To quote Joan Didion, "With mere good intentions, hell is proverbially paved." Here's how to kick-start real change -- and start on your path for good.
By Jena Pincott
Perfect Your Hospital Corners
Making the bed every morning doesn't seem like it has much to do with our more ambitious goals, like meditating twice daily or learning Mandarin. But it's an example of a "keystone habit" -- along with regular family dinners and daily exercise -- that sets in motion other good habits, explains Charles Duhigg in his book The Power of Habit. (Bed-making, he writes, is "correlated with better productivity, a greater sense of well-being and stronger skills at sticking with a budget.") The point is that strategic "small wins" strengthen something you really need when you want to change for the better: willpower. First, conquer the bed; next, the world.
Tell The Cloud You Want To Drink 9 Glasses Daily
Download Lift, a free habit-tracking app for iPhone, to start accumulating "small wins." Lift asks you to choose goals that you'd like to transform into habits (such as "Read," "Run," "Sleep 8 Hours," "Zero Body Fat" and "Make Spouse Feel Loved/Desired"), and then it blasts reminders to your phone. As you track your progress, friends (and yes, strangers) send props, share tips and hold you accountable. Best are the rewards: clicking a giant checkmark and gaining a sense of momentum on your frequency chart, which (for better and for worse) is visible to the whole community. Other popular habit-forming apps are StickK (which lets you to put real money on the line) and Habit Streak (which prompts you to report every day).
Seduce Yourself With The Right Syntax
Try this robotic but psychologically savvy strategy to hardwire your neural pathways: the "if…then" plan. "If X happens, then I will do Y." (In around 100 experiments, this intention-declaring formula proved strikingly effective.) If it's 10 p.m, then, wherever I am, I'll meditate for 15 minutes." Or, "If I get hungry watching TV, then I will eat only fruit." Or, "If it's Monday, then I will do 20 minutes of crunches at the gym." (In one study, 91 percent of those who made a concrete commitment like this actually exercised, versus only 39 percent of non-planners.) Cue, Action, Automate. Repeat. When the programming starts to work subconsciously -- as it will, really -- your habit is born.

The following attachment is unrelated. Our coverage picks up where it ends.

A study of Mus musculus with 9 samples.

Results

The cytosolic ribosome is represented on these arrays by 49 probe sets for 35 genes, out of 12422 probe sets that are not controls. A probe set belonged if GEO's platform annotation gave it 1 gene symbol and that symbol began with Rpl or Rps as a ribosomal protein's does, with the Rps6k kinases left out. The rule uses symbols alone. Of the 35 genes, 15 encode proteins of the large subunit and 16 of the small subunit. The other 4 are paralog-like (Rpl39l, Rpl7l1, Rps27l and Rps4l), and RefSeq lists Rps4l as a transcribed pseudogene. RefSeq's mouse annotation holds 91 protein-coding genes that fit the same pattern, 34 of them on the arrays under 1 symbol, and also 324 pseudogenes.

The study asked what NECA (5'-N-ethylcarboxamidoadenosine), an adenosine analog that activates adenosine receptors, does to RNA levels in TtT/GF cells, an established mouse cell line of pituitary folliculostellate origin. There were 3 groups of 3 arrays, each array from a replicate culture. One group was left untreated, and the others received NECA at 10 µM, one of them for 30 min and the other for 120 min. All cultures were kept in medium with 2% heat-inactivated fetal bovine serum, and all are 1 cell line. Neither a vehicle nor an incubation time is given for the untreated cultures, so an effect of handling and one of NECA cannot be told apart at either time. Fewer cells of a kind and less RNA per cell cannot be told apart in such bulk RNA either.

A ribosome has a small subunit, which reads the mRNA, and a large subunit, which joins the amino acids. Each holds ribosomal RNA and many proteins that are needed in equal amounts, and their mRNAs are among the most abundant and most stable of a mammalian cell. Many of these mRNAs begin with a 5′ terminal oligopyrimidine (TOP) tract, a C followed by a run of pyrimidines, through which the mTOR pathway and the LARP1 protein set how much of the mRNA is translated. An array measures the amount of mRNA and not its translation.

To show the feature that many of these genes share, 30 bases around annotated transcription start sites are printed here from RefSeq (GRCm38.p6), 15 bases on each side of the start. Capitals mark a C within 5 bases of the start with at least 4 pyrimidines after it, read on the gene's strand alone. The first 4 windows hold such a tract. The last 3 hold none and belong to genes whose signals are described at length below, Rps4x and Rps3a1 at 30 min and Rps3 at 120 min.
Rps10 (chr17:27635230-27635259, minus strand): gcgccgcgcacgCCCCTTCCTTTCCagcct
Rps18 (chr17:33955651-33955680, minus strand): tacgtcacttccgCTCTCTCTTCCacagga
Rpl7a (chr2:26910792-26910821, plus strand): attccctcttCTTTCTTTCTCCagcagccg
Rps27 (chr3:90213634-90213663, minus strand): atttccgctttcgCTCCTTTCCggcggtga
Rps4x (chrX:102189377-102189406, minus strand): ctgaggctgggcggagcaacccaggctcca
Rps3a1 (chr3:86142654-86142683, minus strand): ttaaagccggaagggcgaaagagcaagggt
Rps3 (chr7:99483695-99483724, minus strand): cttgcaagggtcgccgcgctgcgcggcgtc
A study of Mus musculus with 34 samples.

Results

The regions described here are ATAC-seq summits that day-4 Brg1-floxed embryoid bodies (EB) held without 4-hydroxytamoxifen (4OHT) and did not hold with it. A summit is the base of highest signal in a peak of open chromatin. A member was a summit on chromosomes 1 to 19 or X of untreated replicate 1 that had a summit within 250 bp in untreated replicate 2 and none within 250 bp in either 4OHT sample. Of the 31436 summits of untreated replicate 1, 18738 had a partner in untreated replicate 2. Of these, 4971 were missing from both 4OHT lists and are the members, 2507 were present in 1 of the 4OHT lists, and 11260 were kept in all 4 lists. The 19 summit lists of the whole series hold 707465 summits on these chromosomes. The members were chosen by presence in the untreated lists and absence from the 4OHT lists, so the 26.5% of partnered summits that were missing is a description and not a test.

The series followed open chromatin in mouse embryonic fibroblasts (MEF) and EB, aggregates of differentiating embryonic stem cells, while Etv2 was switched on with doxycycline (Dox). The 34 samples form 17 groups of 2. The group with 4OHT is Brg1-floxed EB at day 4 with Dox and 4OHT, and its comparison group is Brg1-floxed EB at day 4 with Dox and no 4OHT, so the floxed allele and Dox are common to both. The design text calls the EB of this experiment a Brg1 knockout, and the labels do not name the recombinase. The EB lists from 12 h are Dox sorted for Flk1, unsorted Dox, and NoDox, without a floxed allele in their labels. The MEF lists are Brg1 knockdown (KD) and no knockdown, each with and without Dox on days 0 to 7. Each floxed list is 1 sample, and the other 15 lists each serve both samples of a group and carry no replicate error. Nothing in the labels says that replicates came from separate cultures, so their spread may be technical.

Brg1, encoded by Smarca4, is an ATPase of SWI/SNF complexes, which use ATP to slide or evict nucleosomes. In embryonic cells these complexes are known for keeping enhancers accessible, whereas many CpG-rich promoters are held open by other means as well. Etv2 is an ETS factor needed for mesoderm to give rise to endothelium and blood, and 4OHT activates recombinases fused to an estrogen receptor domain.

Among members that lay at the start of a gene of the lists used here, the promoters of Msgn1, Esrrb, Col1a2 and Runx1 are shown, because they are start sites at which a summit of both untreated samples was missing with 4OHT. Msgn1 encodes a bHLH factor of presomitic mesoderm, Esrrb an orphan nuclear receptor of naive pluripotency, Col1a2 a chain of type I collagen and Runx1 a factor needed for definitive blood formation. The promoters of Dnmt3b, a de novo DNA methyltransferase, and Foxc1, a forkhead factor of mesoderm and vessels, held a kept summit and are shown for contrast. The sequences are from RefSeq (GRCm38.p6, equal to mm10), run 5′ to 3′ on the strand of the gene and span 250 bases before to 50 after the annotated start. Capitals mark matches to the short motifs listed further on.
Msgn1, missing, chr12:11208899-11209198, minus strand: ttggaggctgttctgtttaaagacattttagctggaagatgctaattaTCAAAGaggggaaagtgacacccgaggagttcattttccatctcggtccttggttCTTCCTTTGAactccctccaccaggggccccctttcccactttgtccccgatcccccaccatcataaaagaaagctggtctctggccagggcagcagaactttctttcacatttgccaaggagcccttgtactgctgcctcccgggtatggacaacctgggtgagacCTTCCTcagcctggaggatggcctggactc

Dangle A Low-Hanging Carrot
Perhaps now you're thinking, "If I jog every morning this week, then I'll let myself have an ice cream on Friday." Maybe you'll get there. But the odds are higher if you reward yourself right after each workout. That's because dopamine, the feel-good chemical that reinforces habits, increases more with the prospect of an imminent reward than an abstract one. (Even X'ing out another square on a progress chart can satisfy the need for immediate gratification.) Have faith: Once the habit is established, you won't need to be so strategic. "Only when your brain starts expecting the reward -- craving the endorphins or sense of accomplishment -- will it become automatic to start lacing your jogging shoes each morning," Duhigg writes.
Bond Yourself For 9 1/2 Weeks
If we can just keep it up for 21 days, it'll become a habit, right? Not so fast. The three-week rule is something of an urban legend, found a study led by Phillippa Lally, PhD, a psychologist at University College London. It actually took people 66 days (9.5 weeks) for a behavior to become automatic (or feel weird not to do it). But that's just an average. Some habits, such as drinking a bottle of water after lunch, turned out to be much stickier (it took 59 days on average) than doing 50 sit-ups each morning (91 days). Forging a new habit gets easier and easier as you gain momentum, Lally says. Eventually you'll stop counting the days… and just do it.
Remember, You're Not A Robot
Now, the nicest news. You're allowed to be human, Lally's study found. You can make an exception and sleep in. You can ditch your new routine and grab a margarita with your former roommate who's in town for the night. In other words, you can lapse here and there -- and still succeed in forming the habit (without going back to Day 1). Self-compassion is key here. (Forgiving yourself actually makes it more likely you'll reach a goal, found a study at Carleton University, while self-punishment resulted in further setbacks.) Simply pick up where you left off the day before -- and continue on your path to a habitual happily ever after.